NM cancer centers redefine importance of research

By Marissa Lucero / CJ 475 Reporter
Posted Nov. 1, 2012

People who receive cancer treatment in New Mexico are looking for state-of-the-art technology, qualified physicians and in-state care. But, how important is research advancements to those patients?

Treatment options differ in NM
[+] Click HERE for full-screen video
By Marissa Lucero

Cancer patients contribute to UNM research.

The University of New Mexico (UNM) Cancer Center is one of 67 cancer centers designated by the National Cancer Institute and the only one in the state.

Chief Administrative Officer at UNM Cancer Center Rae Ann Paden said, "It really lets our citizens here in the state know that you have the best and brightest clinicians, researchers and staff that are designated by the federal government."

The UNM Cancer Center services all major types of cancers including: breast, blood, liver, lung, gynecologic, urologic, head and neck. The center treats more than 15,000 newly-diagnosed patients a year, and almost 350 patients a day.

"The 350 may not always be new patients," Paden said. "They could be patients coming back for their treatment regimen or chemotherapy, but we see anyone and everyone here, regardless of their insurance carrier or those without insurance. That can't be said by most cancer centers in the state of New Mexico."

According to Paden, 60 percent of cancer patients in the state are treated at the UNM Cancer Center, and of that 60 percent, 1,042 of its patients are from Santa Fe County. Bernalillo and Sandoval County are the only two counties to have more patients seen in Albuquerque.

Christus St. Vincent Cancer Center is the newest addition of cancer centers in New Mexico, and after it's grand opening in January 2012, according to Director Ann Stoia, the center was much needed for Northern New Mexico.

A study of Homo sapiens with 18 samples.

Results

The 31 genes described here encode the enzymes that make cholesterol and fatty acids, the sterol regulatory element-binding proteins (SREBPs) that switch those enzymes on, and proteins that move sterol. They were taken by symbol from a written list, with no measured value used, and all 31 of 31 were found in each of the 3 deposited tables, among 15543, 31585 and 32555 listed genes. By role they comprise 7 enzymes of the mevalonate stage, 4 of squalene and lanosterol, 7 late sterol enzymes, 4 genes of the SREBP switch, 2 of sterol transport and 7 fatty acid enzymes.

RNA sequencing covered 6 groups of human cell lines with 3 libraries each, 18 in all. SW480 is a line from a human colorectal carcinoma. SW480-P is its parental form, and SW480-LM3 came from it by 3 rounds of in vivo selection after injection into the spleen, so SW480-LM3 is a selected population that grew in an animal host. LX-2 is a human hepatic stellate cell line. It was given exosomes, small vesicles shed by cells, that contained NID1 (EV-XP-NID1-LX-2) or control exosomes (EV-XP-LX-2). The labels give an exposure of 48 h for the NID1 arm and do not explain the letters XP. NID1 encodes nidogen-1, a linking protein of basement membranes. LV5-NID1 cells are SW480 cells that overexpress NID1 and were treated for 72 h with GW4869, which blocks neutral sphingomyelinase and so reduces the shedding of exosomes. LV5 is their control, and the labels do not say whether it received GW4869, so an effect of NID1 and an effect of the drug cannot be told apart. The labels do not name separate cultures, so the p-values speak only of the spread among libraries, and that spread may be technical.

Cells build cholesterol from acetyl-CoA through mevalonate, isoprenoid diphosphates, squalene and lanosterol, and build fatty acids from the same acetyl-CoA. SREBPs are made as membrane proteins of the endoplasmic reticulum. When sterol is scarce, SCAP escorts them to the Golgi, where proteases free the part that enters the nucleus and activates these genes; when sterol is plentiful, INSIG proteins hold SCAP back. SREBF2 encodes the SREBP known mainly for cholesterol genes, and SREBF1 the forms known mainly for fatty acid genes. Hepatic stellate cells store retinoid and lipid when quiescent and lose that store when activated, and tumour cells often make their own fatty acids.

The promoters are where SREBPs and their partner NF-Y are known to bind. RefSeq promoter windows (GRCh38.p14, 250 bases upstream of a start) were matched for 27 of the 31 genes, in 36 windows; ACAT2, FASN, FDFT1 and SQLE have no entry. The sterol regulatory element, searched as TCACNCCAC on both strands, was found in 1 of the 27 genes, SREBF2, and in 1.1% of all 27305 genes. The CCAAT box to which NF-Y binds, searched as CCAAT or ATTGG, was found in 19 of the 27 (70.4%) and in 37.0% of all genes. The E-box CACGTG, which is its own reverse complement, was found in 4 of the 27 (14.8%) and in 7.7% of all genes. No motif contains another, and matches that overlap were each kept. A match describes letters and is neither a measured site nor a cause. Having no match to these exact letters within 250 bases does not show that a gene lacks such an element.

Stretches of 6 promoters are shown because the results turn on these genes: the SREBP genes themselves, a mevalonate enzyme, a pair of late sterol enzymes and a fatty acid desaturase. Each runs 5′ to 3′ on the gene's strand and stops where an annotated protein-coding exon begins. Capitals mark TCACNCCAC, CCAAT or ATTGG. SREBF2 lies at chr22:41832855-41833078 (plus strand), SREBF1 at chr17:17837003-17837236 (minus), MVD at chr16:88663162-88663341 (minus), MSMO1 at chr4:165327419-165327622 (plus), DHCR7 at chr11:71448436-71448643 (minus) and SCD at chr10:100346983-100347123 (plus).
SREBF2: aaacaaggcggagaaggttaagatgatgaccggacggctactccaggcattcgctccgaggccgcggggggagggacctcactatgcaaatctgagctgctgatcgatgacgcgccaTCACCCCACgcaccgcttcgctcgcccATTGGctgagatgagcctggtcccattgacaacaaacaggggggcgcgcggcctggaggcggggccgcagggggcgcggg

"We have everything the patient needs to do in this building," Stoia said. "Before the patient would have to go to one place to get labs drawn, then to another to see a physician, then to another to receive chemotherapy and sometimes another to receive radiation. Not anymore, we're a one stop-shop."

Primary Physician Dr. Scott Herbert combined services with Christus St. Vincent Hospital, because of its well-rounded radiation program. In January 2012, both sides decided on an agreement to combine services.

"Right now the chemo suite treats about 30 patients a day, which is a lot of patients," Stoia said. "If we outgrow what we can do right now, we'll look at expanding hours, but hopefully we won't have to do that. But if we will, we're prepared."

Diagnosed with Hodgkin's lymphoma, Nathan, who wanted to withhold his last name, is receiving his third set of 12 chemotherapy treatments at Christus St. Vincent.

"I noticed a lump in my neck, so I went to my primary physician who did the initial biopsy and then the surgery. A small mass was removed from my neck and then I was referred here. Despite the situation, the staff here at the cancer center is excellent, but most of all I like my doctors" Nathan said.

According to Paden, the opening of Christus St. Vincent has not affected the UNM Cancer Center. "I think a lot of people do their homework, and I think we have a very sophisticated group of individuals in our state, and our research program is a testament to making potential patients have viable options for their care," she said.